Wednesday, January 16, 2008

Home and study

This recent line of thought about learning has taken some interesting twists. I suppose most of us take for granted our own peculiarities - until we're brought up against the effect they may have on others. I was intrigued by Katya's comment about home education for her children: how does one educate one's own? I mean, I know I chucked in the odd bit of input when my offspring were doing English, or Latin - but they were pretty young when I stopped interfering with their maths homework. My own parents helped me - I've already mentioned how my father supplemented the lamentable teaching in English that my otherwise admirable school provided, and my mother used to sit poring over passages of Virgil until she had, as she put it, "broken the back" of the nightly translation exercise for me. But how extraordinary that my father (with his 1st in English) should then turn his attention to my struggles with Physics, in order to assist me in understanding, if I remember correctly, the principle of moments.

I hadn't thought about this for years, until Mrs H pointed out that for a family of four to sit in one room every evening with the homework going on at the table while individual tuition took place at various moments between the hours of 6pm and 9pm was, to put it mildly, unusual. My sister and I had masses of homework, and yet I never, in all my school and university career, worked later than 9pm - because my father was sure that any work done past that time wasn't likely to be worth much. (And here I am blogging at midnight - was he right?) After 9pm I would look forward to an hour or so's reading before bed - we had no telly in the house until I had graduated from Uni. So structured, so easy to fall in with - would I have succeeded at all if he'd been less interested? Or would I simply have pursued my own interests and never, ever have passed higher Maths?

It's hard to imagine that happening now, and yet I still believe that if parents don't interfere in their children's education in some way these children have a much harder row to hoe. They have to provide their own motivation, find a silent space away from the telly, resist the temptation of Facebook or Second Life - or use these and other tools creatively in the educational process.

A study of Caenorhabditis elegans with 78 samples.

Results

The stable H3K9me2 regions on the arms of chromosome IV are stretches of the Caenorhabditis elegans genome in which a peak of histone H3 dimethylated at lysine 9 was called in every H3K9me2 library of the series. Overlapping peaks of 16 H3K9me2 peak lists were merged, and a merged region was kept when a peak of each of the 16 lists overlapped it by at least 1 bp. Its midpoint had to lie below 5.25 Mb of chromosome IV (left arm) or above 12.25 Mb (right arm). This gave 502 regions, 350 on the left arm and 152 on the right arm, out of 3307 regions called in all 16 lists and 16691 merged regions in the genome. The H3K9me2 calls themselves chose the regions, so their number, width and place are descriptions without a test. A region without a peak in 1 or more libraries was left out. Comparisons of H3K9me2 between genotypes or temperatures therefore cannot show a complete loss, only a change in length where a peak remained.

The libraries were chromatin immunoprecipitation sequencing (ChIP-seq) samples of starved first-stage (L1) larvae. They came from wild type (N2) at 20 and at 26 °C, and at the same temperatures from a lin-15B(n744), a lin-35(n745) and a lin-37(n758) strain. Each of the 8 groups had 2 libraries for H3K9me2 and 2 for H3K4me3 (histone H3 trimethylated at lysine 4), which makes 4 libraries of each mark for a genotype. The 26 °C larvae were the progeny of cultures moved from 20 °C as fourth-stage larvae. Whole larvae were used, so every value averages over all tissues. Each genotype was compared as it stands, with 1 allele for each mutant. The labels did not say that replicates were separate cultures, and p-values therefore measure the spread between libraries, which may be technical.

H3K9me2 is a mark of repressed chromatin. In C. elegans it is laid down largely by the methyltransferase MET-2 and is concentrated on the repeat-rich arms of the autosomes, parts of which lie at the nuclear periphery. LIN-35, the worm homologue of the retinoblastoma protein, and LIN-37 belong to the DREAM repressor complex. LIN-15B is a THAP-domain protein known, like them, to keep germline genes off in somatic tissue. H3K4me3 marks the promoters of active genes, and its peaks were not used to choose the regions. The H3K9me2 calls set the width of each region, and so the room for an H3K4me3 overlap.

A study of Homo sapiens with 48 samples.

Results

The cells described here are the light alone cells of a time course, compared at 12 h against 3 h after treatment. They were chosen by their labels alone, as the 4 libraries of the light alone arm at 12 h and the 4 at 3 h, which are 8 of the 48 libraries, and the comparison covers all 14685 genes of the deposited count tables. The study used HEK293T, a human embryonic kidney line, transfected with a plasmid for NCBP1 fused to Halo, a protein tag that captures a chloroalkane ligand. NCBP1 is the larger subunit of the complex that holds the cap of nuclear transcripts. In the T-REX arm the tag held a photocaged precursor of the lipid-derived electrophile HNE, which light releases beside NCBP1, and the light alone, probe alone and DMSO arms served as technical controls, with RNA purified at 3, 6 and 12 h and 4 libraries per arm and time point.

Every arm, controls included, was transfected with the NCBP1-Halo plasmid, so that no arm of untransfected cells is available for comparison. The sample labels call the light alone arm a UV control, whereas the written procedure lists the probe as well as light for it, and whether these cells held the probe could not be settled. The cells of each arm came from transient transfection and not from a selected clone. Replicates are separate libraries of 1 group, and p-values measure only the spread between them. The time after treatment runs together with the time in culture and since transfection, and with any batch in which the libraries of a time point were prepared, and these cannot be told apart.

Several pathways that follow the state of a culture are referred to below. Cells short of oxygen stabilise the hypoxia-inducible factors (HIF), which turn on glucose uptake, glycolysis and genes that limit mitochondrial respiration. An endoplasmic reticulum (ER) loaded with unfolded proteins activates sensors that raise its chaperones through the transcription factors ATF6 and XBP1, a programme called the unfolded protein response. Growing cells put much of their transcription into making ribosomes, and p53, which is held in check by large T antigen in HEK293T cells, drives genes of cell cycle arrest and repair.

And does anyone still prepare translations of Virgil any more?


  1. Anonymous12:26 AM

    Christine, my lovely (and very able) nephew was tutored in this way. The TV was off in the evening until all homework was done.

    He is now a trainee doctor - though worth noting that both parents had science degrees.

  2. What are we all doing commenting on blogs at this late hour? What would my father have said?

  3. For those of us who are retired, he would have said much I suspect - apart from 'Old enough to know better!'

  4. Anonymous2:00 PM

    As a parent of 4, of various acedemic abilities, one does wonder (and worry) about the pros and cons of the best way to educate and support the offsping. The powers that be at school have just decided to withdraw my sons teacher for advanced higher english, as he is the only one left in the class, told him to get on with it himself and meet up with a teacher once a week if he has any problems! WHAT!!

  5. HC, this happens more than you might think - including to one of my own sons when he was at school. It might be that right now, with the final push to exam time, might be when you would consider a couple of months of private tuition - it's too late to stir up things at the school and it may be that there are simply not the staffing resources to deal with a class of one.